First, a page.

The International Rescue Committee (IRC) welcomes the news today that President Joe Biden will sign an Executive Order (EO) outlining a framework to rebuild the US Refugee Admissions Program (USRAP) to be able to take on a refugee admissions cap of 125,000 in fiscal year 2022 and return America to global leadership on refugee protection, allowing refugees unfairly barred by the previous administration to find safety in the United States and families to be reunited.

The measures outlined in this EO establish the principles that will guide the Administration’s plan for rebuilding the USRAP as well as a series of actions to enhance the program’s capacity to fairly, efficiently, and securely process resettlement applications. These actions come at a critical time, amidst the greatest displacement crisis since the Second World War and a global retreat from humanitarian obligations.

The IRC looks forward to President Biden working swiftly with Congress to raise the refugee admission ceiling as soon as possible -- as well as fulfilling his commitment to further raising the admissions goal in FY22 -- and has published a roadmap of necessary reforms needed to restore USRAP and lay the foundations for robust refugee admissions for years to come. This includes but is not limited to unlocking funds for resettlement agencies across the country and USRAP partner organizations to rapidly rebuild to meet the Administration’s bold commitments; expanding opportunities for family reunification; and designing university, community, and employer sponsorship programs that are complementary to resettlement and create safe and regulated protection pathways that harness refugee talent.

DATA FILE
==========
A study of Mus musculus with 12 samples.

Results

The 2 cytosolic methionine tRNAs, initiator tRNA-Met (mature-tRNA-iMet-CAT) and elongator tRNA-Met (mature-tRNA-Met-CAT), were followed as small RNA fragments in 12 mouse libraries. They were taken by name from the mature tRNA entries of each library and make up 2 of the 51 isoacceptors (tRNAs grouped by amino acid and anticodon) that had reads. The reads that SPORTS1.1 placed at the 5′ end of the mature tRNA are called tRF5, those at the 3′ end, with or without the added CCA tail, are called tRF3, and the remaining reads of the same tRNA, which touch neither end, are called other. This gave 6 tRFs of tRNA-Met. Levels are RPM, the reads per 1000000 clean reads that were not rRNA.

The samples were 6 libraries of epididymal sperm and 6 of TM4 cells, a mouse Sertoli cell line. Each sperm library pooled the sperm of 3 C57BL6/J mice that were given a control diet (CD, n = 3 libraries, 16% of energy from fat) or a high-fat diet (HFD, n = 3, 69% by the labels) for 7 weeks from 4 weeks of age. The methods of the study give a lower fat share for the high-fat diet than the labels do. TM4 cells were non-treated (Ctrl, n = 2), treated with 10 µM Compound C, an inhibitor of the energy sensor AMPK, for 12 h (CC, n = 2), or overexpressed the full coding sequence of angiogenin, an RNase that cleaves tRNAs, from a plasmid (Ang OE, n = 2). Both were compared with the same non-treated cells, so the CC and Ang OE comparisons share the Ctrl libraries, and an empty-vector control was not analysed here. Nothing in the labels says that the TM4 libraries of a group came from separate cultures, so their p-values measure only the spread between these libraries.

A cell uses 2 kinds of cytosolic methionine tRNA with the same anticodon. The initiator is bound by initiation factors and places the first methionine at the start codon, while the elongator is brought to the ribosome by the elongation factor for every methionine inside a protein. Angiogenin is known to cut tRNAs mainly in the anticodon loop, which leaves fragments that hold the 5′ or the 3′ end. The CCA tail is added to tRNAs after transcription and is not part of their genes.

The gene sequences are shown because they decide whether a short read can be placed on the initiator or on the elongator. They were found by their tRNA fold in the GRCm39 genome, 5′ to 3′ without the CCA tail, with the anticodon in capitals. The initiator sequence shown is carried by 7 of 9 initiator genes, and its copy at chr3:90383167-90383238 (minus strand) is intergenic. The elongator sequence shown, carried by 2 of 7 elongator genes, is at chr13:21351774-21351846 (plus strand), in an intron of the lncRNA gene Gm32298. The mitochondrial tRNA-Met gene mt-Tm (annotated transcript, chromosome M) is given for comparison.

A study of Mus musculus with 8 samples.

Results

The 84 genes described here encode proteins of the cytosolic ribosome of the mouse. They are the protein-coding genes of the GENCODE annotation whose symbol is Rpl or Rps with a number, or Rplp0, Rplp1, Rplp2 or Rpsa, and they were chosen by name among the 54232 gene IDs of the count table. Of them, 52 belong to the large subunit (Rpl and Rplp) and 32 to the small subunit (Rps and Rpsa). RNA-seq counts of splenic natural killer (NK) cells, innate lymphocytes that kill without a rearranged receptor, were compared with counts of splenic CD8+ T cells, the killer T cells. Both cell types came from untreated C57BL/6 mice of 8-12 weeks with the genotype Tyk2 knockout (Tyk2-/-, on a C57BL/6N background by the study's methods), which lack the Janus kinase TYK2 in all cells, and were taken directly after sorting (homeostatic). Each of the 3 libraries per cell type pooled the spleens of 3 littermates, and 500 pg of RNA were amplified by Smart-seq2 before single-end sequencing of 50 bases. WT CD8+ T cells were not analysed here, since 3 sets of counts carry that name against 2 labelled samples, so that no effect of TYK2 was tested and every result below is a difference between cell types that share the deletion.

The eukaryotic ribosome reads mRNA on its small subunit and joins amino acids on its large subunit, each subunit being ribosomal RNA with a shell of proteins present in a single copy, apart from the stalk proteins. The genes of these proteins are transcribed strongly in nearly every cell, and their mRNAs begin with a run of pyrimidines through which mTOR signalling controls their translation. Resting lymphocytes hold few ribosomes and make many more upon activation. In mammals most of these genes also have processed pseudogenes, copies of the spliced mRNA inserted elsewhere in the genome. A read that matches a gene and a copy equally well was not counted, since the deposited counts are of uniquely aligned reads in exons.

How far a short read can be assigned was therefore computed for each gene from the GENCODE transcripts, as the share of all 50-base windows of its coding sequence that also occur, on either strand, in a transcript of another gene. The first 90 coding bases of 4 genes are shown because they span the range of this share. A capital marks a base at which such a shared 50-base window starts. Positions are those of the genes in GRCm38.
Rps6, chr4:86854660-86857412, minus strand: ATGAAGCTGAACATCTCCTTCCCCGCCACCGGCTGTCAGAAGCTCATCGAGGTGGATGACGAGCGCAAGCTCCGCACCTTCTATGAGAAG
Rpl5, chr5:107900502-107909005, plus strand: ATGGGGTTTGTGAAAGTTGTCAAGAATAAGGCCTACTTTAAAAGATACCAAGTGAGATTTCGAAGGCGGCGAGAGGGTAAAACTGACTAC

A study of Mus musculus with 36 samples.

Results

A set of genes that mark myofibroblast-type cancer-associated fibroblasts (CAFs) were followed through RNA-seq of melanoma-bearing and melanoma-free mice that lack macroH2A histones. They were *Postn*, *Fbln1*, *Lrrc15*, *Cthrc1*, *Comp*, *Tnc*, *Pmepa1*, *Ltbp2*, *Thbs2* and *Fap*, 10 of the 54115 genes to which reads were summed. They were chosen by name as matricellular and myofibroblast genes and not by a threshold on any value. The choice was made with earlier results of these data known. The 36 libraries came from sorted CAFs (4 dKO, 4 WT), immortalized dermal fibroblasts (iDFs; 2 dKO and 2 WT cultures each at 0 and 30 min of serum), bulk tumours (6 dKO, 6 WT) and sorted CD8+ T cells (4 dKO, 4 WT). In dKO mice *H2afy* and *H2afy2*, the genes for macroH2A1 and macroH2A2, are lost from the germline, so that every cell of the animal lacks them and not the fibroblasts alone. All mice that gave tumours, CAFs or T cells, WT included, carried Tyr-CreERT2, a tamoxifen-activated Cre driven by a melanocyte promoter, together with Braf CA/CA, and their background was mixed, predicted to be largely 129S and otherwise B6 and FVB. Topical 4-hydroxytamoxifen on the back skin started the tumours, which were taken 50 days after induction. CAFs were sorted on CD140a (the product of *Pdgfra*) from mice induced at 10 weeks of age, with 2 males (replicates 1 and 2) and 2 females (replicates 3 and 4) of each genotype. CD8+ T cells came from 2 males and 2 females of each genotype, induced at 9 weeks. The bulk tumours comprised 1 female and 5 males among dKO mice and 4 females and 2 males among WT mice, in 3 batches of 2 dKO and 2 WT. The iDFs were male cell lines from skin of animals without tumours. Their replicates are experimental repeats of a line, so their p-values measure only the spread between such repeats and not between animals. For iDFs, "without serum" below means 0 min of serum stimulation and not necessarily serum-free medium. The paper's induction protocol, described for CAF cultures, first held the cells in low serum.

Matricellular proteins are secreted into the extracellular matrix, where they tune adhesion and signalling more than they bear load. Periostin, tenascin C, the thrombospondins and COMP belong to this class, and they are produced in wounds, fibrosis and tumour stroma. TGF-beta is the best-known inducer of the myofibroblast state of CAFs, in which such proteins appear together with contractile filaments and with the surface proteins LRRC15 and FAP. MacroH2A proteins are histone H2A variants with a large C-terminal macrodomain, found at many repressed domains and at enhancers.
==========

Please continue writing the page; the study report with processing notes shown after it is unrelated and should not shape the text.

Hans van de Weerd, Vice President for Resettlement, Asylum and Integration of the International Rescue Committee, said: “With 80 million forcibly displaced people worldwide and counting -- the largest number since the Second World War -- restoring the US’ longstanding and bipartisan resettlement program is absolutely critical. The US needs to fix its own reputation and incentivize other rich countries by welcoming refugees in greater numbers, after record lows during the Trump administration. In fact, over the past four years, led by the US’ retreat from its global responsibilities and traditions,  refugee resettlement slots amongst wealthy nations decreased by half. 

“At the same time, the groundswell of support for refugees over the past four years has been unwavering: a Pew study found that the number of Americans that believe taking in refugees is an important goal increased from 61 to 73 percent over the past three years, with more than 540 bipartisan elected officials from all 50 states voicing their support for refugee resettlement. The voice of the American people has been unequivocal and acknowledges that refugee communities are and will continue to be a source of strength.

“The IRC looks forward to an immediate increase in the number of refugees welcomed into America this year, an increase of the refugee admissions goal to a minimum of 125,000 in FY22, and continued policies for diplomacy and development that tackle displacement crises at their source.”